Burkett isn't the only angry alumnus of schools owned by Education Management Corp., the Downtown-based operator of for-profit colleges that runs the Art Institutes, Argosy University, Brown Mackie College and South University. He is one of thousands of former students demanding that their loans be forgiven. More than 22,000 people have signed an online petition demanding the debts be cleared for students who attended Art Institutes between 2003 and 2011.
Alumni have protested outside of EDMC campuses and criticized the company on social media. Critics say the company got off cheap in a $95.5 million settlement of a federal lawsuit over allegations of illegal recruiting practices, money that will go to the federal and state coffers but not a dime for former students.
Sofia is one of 7 million former students in default on a record $115 billion of federal loans, an amount that has grown almost 25 percent in two years, according to U.S. government data. The mountain of debt, for which taxpayers are on the hook, has provided a stream of revenue to companies at every stage of the process.
One of the most popular tropes among career advisors, guidance counselors, school officials, and college recruiters today is that going to college is an investment. As more and more options for work experience and education outside of the higher education cartel crop up, those pushing the college option on young people are forced to fall back on telling the young that, though it may look costly now, it will pay off in the future. Like their Housing Crisis predecessors, they urge young people to take on the seemingly-unimaginable cost with some statistics and graphics showing that, in the recent past, a college degree pays for itself over a lifetime.
It’s time that we admit that this isn’t the case.
This worldview presents fundamental philosophical problems, especially in the American system that was built on individual liberty and limited government. This goes to the issue of privacy – does the government have the right to compile this information, even for well-intentioned purposes? But the other, more pedestrian concern is simple data security – is the information the government has being kept safe?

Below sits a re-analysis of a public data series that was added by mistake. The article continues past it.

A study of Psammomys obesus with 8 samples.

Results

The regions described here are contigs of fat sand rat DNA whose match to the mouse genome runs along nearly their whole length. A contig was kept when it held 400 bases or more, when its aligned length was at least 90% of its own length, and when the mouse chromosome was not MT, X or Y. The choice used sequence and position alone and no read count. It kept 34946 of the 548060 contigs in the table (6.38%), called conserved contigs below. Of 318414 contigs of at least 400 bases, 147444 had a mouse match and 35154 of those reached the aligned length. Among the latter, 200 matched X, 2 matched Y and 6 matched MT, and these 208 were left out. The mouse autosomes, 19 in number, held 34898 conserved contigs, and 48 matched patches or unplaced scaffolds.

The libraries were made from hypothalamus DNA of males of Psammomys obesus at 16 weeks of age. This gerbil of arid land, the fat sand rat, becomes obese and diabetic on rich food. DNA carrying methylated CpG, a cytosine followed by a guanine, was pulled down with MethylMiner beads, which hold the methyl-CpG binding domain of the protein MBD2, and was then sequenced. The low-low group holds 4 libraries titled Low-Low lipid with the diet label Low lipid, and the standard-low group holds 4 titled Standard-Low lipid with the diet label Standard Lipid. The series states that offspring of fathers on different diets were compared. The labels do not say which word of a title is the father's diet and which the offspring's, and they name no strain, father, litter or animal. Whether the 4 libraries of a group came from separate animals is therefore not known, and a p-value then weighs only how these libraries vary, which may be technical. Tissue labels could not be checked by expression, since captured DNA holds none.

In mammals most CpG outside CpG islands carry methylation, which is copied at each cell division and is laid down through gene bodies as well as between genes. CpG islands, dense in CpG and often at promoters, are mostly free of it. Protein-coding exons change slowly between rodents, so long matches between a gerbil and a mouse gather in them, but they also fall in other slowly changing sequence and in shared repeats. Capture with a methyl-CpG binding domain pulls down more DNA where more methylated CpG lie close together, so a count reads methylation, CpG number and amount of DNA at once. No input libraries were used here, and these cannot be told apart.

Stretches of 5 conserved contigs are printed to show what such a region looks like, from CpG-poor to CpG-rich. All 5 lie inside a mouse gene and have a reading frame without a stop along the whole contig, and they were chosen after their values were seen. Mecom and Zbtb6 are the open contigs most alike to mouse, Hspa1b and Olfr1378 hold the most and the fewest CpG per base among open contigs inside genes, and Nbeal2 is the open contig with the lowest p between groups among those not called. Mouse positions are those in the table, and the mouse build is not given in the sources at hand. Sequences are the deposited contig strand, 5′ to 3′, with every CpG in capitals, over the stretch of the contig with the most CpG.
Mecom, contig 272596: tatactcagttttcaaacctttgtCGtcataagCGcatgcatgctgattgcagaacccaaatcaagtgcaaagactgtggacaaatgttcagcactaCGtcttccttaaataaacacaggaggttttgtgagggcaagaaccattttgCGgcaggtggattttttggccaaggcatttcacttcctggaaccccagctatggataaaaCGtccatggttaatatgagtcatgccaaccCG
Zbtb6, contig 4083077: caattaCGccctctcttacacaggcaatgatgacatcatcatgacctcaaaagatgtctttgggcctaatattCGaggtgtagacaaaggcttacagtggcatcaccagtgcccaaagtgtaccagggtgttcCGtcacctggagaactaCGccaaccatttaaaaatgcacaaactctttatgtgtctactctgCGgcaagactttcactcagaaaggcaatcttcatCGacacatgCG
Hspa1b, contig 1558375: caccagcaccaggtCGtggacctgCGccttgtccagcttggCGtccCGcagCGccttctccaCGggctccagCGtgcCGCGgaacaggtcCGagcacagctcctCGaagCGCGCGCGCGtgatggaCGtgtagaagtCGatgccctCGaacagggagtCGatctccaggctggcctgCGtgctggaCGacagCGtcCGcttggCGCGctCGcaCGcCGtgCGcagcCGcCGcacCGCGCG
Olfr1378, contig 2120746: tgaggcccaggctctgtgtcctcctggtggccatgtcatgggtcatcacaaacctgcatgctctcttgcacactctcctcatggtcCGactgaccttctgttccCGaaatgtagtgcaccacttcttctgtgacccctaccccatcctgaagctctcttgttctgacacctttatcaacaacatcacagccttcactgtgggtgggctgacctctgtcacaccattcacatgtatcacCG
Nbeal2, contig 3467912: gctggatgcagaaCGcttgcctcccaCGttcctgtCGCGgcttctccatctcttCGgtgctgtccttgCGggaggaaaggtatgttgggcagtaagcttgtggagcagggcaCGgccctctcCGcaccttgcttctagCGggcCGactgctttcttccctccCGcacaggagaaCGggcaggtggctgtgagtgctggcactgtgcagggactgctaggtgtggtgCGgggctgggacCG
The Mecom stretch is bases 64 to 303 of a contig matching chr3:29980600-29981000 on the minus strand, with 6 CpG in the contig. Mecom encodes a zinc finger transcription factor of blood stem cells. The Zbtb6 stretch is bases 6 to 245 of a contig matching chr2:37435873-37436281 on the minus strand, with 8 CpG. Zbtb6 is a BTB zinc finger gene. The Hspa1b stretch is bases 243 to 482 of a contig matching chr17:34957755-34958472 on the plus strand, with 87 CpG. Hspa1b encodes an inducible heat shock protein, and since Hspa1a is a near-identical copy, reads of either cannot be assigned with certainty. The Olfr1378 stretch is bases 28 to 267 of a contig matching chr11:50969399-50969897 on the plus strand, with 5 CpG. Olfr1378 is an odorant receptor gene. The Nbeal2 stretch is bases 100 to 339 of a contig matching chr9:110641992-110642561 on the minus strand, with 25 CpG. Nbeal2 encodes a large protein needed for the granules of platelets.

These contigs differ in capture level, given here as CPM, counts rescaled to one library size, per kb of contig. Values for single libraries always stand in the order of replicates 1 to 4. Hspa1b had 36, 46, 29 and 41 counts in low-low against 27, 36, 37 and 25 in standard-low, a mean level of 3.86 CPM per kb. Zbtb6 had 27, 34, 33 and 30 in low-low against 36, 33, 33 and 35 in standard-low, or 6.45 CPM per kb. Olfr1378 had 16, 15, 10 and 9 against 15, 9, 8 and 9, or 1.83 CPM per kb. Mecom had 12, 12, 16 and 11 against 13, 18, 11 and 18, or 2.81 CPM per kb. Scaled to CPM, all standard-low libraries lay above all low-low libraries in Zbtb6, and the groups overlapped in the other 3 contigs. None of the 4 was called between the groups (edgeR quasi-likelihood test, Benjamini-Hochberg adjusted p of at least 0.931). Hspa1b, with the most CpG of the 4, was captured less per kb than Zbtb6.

The short answer is no.
A crisis in student loans? How changes in the characteristics of borrowers and in the institutions they attended contributed to rising loan defaults
By Adam Looney, U.S. Treasury Department and Constantine Yannelis, Stanford University - brookings.edu
This paper examines the rise in student loan delinquency and default drawing on a unique set of administrative data on federal student borrowing, matched to earnings records from de-identified tax records. Most of the increase in default is associated with the rise in the number of borrowers at for-profit schools and, to a lesser extent, 2-year institutions and certain other non-selective institutions, whose students historically composed only a small share of borrowers. These non-traditional borrowers were drawn from lower income families, attended institutions with relatively weak educational outcomes, and experienced poor labor market outcomes after leaving school.
Students heading back to college are in for sticker-shock at the bookstore, that’s because textbook prices are soaring.
Textbook prices have risen 9 percent this year, it’s part of a decades-long trend in which textbook prices have risen more than 1,000 percent since 1977.
“It’s overwhelming and I feel for the students,” said Susan Powers, with Academic Affairs at Indiana State University.
Federal banking regulators are expanding the power of the Consumer Financial Protection Bureau (CFPB), demanding records and testimony from higher-education accreditation agencies as part of an investigation into possible “unlawful acts and practices in connection with accrediting for-profit colleges.”